We’ve wanted to expand our protection range to cover shifters for some time now, but due to the complex curves and contouring required, it isn’t possible for us to produce a protector based on CAD data. We would need access to the levers themselves so we can template, test and revise until we have a finished product we’re happy with. After countless emails to manufacturers, retailers and distributers it wasn’t looking likely that we’d be able to reach a mutually beneficial agreement that would give us access to the products required. This means we would need to purchase the shifter sets ourselves, which would be a sizeable investment for a product that didn’t currently exist anywhere in the world.
Eventually we shelved the project and continued to build out current product lines and refine others, until earlier this year. The idea of shifter protectors arose again and pure curiosity lead me to try a prototype version on my personal bike. It started as nothing more than a “let’s just see if it can be done” endeavour, but along the way, through many revisions and adjustments we landed on a product I felt was arguably one of our best.
Step 1 - Template
The first step was to get a net template of the lever into our design software so we could start working on a prototype. A piece of backing paper from a postage label proved to be the most useful material for getting the rough shape outlined, which we could re-scale digitally and start with prototype 001
Step 2 - Design
The first pass design is really rough but it gives us the opportunity to see how the vinyl contours around the lever, highlighting any problem areas. The balance here is maximising coverage while keep the install process user friendly. These two factors are often mutually exclusive and where the real design work shines. Our mandate is to prioritise easy application, as a full coverage protector does no good if the end user struggles to apply it neatly and ends up punting it in the bin.
Step 3 - Testing
After we have an acceptable design we run a test fit to see what areas need improvements. This then leads us back to the design phase of step 2 and the cycle repeats until we’ve ironed out all the kinks. During this time it’s easy to let the user friendly installation factor slide, as the more times you test fit the protector, the more you figure out a good technique for applying it…something a first time customer doesn’t have.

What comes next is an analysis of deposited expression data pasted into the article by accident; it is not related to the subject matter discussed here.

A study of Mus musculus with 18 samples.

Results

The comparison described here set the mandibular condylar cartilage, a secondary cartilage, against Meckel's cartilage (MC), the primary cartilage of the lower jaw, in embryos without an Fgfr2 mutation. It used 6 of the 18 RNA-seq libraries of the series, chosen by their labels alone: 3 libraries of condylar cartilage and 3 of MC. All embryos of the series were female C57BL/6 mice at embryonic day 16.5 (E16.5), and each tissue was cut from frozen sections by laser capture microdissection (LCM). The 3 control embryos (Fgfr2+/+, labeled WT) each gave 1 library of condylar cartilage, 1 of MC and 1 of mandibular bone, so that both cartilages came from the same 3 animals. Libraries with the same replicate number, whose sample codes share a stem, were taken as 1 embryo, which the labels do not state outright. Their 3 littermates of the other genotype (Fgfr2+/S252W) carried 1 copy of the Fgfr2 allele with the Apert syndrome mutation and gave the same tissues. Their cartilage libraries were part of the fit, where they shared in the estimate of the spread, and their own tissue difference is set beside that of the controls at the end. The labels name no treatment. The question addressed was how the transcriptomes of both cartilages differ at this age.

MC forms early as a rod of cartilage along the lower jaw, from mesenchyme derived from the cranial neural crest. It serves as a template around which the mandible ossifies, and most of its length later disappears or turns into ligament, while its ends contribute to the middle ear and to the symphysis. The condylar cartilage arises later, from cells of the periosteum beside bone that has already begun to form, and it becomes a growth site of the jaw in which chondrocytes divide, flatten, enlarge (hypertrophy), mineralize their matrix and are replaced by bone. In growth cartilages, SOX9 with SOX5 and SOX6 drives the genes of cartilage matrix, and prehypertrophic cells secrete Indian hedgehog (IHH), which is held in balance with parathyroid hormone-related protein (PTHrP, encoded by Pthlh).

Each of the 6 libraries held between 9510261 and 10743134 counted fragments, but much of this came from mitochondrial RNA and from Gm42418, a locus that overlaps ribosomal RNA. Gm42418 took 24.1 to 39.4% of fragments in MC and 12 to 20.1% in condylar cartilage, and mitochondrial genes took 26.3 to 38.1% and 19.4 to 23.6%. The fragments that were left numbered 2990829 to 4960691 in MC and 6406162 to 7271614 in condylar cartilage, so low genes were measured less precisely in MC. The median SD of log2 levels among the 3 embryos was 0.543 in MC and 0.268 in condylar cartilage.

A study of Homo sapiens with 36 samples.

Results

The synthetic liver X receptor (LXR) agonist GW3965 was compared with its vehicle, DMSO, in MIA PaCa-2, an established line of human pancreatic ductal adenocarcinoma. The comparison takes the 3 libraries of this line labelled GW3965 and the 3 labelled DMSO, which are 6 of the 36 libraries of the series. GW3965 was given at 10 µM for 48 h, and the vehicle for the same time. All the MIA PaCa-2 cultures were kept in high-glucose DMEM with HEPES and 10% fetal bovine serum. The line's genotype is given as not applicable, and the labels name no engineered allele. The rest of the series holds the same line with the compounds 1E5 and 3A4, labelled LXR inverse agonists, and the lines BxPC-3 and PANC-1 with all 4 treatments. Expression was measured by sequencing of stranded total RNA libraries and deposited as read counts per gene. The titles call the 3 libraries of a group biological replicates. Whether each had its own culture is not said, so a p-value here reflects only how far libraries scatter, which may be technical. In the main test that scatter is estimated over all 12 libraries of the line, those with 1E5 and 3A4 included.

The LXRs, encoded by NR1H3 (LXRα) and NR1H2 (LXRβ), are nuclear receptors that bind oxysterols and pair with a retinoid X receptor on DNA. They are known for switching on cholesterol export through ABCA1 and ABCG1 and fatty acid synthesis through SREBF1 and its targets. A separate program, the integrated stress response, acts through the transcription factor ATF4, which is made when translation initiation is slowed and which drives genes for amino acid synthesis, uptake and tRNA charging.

So I recruited a few friends, handed them an Ultegra 6800 shifter and accompanying protector prototype and offered zero guidance on the application process. A few interesting lesson were learned from the experiment but ultimately they all did very well indeed.
Step 4 - Refining
During the creation process we had 8 different shifter sets being worked on during a 2 week period. One day after the next we were repeating the processes above, so once all the designs were complete I took to the road for some ‘Product Testing’ which was just an excuse to separate myself from the protectors long enough to be able to view them with fresh eyes a few days later.
This proved extremely useful and lead to a lot of small tweaks which I felt improved the protectors and one major refinement that turned them into a product. For context with our crank protectors we write on the reverse side the model name/number and the crank length. This is so both us and the customer can easily identify which is which. For the shifters however we don’t have the constraint of varying lengths so marking each isn’t as vital.
This lead me to test out model inscriptions that are cut into the vinyl. It was a silly idea at first but once we nailed down the right font it turned a good protector into a great feeling product. I’d like to think this small detail elevate our product above the competition and signifies the hard work and attention to detail that went into creating them.